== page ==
Last night, we finished watching the last episodes of the seventh and final season of Gilmore Girls, including the season finale from May 14. Yes, we are a little behind. We always are, as we Tivo everything. But we like doing that, as it allows us to watch the shows in the way we would enjoy the most, and sometimes that means waiting and watching a whole chunk of episodes at once.
I loved the ending of GG - by the end, when Lorelei and Luke kissed, I felt as though I had actually been living in Stars Hollow for the last 7 years, watching their lives unfold. When Rory graduated from Yale, I felt as though we had been there with her the whole time, watching as she went through a private high school, struggling with the relationship with her grandparents and mostly absent father, getting into Yale and the excitement and challenges that faced her there, and the drama created by her relationships with her peers, including Paris and Logan. I liked how Paris became her best friend and her quirkiness at the end of the show was really refreshing. I loved how she decided to ditch Logan in the end, to find out what her life was going to be about. And my husband and I both got a chuckle from all the Palo Alto references, explained by Logan as he tried to sell Rory on the idea of marrying him and moving to the Bay Area. Who actually has an avocado tree in their back yard?
The aspect that I loved most about this show was Lorelei's relationship with Rory. While many of Lorelei's relationships on the show sucked, the one with her daughter made me forget that it was TV and hope that their bond could be an example for my daughter and me. How I would love it if Alice and I were such great friends when she hits her teen years. Shopping together, Friday movie nights, big orders of take out and fried food. Will Alice be the kind of daughter who calls me from college everyday, just to check in? Is it possible that a relationship between mother and daughter could actually exist like theirs, or is it total TV fantasy?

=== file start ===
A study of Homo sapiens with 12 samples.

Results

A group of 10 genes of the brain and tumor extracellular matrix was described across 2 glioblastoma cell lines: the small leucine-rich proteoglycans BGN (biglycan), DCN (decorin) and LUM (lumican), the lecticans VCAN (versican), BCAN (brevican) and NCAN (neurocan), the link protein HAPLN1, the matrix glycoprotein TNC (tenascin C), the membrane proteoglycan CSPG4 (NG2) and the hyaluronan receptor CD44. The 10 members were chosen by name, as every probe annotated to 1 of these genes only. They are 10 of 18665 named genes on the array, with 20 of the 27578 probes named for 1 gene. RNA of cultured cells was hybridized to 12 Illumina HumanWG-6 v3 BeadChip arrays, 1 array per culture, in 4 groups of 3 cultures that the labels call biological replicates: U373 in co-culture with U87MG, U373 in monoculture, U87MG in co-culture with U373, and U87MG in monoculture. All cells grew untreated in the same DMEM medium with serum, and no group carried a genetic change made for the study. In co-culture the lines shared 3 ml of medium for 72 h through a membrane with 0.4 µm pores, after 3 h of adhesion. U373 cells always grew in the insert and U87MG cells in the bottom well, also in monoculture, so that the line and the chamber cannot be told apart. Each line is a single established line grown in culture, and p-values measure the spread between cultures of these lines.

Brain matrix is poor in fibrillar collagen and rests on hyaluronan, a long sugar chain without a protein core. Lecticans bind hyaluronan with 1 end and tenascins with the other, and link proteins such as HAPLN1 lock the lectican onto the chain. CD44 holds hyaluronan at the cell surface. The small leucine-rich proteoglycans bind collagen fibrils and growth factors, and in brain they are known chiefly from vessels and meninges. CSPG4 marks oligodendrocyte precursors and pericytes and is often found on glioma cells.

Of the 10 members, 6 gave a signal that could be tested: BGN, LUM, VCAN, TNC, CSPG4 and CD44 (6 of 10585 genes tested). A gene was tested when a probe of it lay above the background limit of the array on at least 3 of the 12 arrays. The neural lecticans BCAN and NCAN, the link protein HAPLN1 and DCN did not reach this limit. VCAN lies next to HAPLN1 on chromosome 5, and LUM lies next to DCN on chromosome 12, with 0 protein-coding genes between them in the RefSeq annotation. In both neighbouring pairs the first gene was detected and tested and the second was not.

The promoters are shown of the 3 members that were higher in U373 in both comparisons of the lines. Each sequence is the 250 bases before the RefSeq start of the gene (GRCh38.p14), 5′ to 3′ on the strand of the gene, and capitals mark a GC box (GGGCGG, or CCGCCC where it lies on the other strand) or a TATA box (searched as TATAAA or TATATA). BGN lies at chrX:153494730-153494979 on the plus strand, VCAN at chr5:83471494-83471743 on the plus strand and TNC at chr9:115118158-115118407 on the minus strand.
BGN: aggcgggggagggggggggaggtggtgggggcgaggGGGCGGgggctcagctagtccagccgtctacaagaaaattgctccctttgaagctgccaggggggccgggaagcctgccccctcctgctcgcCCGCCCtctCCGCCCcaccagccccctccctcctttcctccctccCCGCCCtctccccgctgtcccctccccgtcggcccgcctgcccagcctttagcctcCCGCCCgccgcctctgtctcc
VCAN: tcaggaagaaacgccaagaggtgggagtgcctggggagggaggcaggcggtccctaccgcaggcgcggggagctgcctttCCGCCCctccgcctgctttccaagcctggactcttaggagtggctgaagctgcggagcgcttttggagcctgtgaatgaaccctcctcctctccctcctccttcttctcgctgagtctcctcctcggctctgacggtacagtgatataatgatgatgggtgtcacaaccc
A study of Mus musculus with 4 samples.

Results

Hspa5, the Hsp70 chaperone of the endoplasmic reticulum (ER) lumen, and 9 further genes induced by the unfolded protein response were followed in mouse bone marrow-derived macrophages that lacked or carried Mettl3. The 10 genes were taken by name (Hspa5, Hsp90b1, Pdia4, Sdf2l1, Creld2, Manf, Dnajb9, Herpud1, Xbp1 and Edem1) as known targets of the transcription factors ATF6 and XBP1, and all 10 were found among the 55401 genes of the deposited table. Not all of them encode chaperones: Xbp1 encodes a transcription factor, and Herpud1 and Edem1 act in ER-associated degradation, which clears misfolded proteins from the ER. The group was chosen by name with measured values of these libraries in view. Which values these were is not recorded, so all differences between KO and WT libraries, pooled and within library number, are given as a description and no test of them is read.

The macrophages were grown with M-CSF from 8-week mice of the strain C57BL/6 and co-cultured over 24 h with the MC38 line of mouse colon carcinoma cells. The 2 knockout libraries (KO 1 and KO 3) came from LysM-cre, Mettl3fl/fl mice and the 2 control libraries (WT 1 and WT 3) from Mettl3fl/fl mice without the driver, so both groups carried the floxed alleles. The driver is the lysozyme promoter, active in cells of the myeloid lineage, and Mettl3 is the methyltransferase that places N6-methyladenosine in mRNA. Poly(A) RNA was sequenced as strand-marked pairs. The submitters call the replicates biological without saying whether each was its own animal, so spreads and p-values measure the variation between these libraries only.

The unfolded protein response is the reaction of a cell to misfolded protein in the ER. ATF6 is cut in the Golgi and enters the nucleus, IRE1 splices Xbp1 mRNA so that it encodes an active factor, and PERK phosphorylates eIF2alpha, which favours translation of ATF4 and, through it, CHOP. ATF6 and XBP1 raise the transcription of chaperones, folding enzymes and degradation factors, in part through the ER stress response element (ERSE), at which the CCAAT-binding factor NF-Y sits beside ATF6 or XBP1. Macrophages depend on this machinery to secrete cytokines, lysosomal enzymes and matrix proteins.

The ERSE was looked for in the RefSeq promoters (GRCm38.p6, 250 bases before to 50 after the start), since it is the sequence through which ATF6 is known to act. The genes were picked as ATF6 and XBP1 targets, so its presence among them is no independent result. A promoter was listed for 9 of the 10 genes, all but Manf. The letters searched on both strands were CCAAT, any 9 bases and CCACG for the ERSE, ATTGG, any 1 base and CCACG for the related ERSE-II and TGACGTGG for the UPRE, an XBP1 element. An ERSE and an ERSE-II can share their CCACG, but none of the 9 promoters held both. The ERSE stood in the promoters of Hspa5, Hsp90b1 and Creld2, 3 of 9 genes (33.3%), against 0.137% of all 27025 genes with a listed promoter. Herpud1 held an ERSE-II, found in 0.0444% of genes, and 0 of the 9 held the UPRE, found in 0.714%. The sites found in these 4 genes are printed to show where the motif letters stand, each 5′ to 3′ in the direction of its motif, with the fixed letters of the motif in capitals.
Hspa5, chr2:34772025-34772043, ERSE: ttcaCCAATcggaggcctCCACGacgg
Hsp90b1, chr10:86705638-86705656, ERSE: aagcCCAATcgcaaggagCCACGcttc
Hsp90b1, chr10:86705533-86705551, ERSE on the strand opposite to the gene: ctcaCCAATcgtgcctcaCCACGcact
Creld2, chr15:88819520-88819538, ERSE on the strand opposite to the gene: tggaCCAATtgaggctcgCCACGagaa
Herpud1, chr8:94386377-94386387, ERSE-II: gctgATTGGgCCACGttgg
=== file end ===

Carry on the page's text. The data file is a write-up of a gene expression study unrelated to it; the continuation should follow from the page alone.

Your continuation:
One thing I did notice was that Lorelei was very present in Rory's life, she was not a bystander and even managed to find a career that allowed her to spend time with her daughter on her daughter's schedule (although, any job that allows you to check in with your head chef, grab a bit from the kitchen, and then be absent for the better part of the day has got to be only on TV fantasy land!). It was clear that Rory was her first priority, with other parts of her life in distinct second place. I don't think Lorelei had any hobbies and it did seem like most nights she was at home by 8pm. Occasional Town Meetings were her way to connect to the city, but I don't recall any additional volunteer work. Can you imagine living a life like that in Silicon Valley, where everyone seems to be graded on their impact in their communities. It would feel like stepping back and allowing my kids to become the center of my world. Oh wait, that is the way it should be, right?